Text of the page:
Consumer price inflation registered +0.4% month-on-month (m/m) in September, following August’s 0.1% increase. On a year-over-year (y/y) basis, headline inflation edged down by 0.1 percentage points (pp) from August (8.3%), slowing to 8.2%.
Energy prices fell by 2.1% m/m, as gasoline prices pulled back 4.9% m/m. Unfortunately, the decline in gasoline was partially offset by rising electricity and natural gas prices. Food prices rose 0.8% m/m (the same as in August), and are up 11.2% y/y.
Core inflation (excludes volatile items such as food & energy) was 0.6% m/m – equal to August’s gain. Relative to last September, core prices are up 6.6% – 0.3 pp higher than last month.
Price growth across core services (+0.8% m/m) accelerated from last month’s gain of 0.6% m/m. Shelter costs (+0.7% m/m) were again a meaningful contributor, with rent of primary residence and owner’s equivalent rent both rising 0.8% m/m. Other categories including medical (1.0% m/m), transportation (1.9% m/m) and recreation (0.2% m/m) were also higher on the month. Price growth in education and communication services was unchanged (0.2% m/m) in August.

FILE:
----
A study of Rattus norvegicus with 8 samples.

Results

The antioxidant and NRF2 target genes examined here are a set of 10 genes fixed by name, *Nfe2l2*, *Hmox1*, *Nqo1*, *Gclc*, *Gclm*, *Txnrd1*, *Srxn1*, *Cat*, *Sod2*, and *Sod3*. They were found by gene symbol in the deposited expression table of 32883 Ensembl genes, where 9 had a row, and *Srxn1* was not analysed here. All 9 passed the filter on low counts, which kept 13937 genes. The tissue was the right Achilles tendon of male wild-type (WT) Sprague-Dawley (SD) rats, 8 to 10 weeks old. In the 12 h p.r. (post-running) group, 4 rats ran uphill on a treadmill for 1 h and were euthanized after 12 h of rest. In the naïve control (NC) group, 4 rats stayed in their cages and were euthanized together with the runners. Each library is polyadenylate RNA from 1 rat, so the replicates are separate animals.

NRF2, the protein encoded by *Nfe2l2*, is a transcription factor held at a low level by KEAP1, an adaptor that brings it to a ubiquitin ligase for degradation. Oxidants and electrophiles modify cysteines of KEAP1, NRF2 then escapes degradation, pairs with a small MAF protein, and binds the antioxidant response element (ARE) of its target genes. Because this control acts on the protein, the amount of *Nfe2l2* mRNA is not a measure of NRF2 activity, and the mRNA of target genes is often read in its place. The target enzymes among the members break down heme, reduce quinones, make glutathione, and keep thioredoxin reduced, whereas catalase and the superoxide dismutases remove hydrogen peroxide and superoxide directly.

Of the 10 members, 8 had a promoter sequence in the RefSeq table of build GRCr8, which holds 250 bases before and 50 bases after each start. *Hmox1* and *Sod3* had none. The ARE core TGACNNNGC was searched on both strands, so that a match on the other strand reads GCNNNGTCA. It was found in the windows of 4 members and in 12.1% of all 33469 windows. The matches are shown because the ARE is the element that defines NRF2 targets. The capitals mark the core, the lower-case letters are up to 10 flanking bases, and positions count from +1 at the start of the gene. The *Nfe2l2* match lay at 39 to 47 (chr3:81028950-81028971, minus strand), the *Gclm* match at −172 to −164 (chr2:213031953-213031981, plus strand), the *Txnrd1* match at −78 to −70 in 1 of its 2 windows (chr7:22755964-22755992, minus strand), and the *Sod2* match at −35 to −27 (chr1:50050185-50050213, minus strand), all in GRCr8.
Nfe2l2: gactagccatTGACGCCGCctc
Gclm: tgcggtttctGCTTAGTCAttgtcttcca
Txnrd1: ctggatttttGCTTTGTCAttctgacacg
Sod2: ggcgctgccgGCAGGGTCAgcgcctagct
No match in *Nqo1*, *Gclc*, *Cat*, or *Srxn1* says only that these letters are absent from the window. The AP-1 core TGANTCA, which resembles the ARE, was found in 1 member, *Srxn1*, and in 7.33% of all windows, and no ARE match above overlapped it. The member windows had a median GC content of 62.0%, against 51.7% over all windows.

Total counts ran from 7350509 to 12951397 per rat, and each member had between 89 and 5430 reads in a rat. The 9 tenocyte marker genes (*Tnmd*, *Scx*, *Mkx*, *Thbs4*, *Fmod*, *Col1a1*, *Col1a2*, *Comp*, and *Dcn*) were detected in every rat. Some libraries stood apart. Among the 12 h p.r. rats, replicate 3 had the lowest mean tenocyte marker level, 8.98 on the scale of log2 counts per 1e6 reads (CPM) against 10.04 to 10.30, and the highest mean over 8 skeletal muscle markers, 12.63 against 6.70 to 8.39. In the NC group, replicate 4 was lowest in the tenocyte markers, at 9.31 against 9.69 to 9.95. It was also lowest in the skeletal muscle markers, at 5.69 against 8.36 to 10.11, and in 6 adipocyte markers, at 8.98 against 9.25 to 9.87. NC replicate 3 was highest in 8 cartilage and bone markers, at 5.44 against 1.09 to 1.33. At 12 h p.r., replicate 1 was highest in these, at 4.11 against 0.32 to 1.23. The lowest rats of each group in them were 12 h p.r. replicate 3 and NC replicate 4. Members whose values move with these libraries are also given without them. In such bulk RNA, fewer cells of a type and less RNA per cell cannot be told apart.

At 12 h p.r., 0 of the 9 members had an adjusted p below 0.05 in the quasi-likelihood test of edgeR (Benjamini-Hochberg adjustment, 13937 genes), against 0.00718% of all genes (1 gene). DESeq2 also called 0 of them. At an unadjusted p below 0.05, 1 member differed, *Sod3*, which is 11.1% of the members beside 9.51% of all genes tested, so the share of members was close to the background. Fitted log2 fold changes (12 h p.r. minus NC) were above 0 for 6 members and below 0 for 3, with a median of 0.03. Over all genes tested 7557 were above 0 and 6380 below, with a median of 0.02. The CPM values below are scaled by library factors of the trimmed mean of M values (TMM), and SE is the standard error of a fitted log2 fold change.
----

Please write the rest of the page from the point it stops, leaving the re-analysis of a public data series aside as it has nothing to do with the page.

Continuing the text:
In a piece of good news, core goods prices (0.0% m/m) decelerated in September and resumed their downward year-over-year trajectory. Slowing price growth was seen across all categories as household furnishings (+0.6% m/m), apparel (-0.3% m/m), recreational (0.0% m/m), and transportation (-0.2% m/m) goods all decelerated. Price declines in transportation were led by a 1.1% m/m decline in used vehicle prices as new vehicle prices rose 0.7% m/m.
Ouch! Another month and another disappointing CPI report. Both the headline and core figures surprised to the upside and show that August’s report was not a one-off. Looking forward, shelter costs will continue to underpin strong services inflation. So, despite multi-decade high mortgage rates and cracks emerging in the housing market, inertia in rents and homeownership costs will take time to moderate and be reflected in the CPI data. The good news is that the downward trajectory in core goods prices has resumed as price gains slowed to 6.6% in September from 7.1% in August.
Persistently strong core price inflation in September is going to keep the pressure on the Fed to keep the rate hikes coming. We continue to expect that the official policy rate will rise to 4.5% by early next year.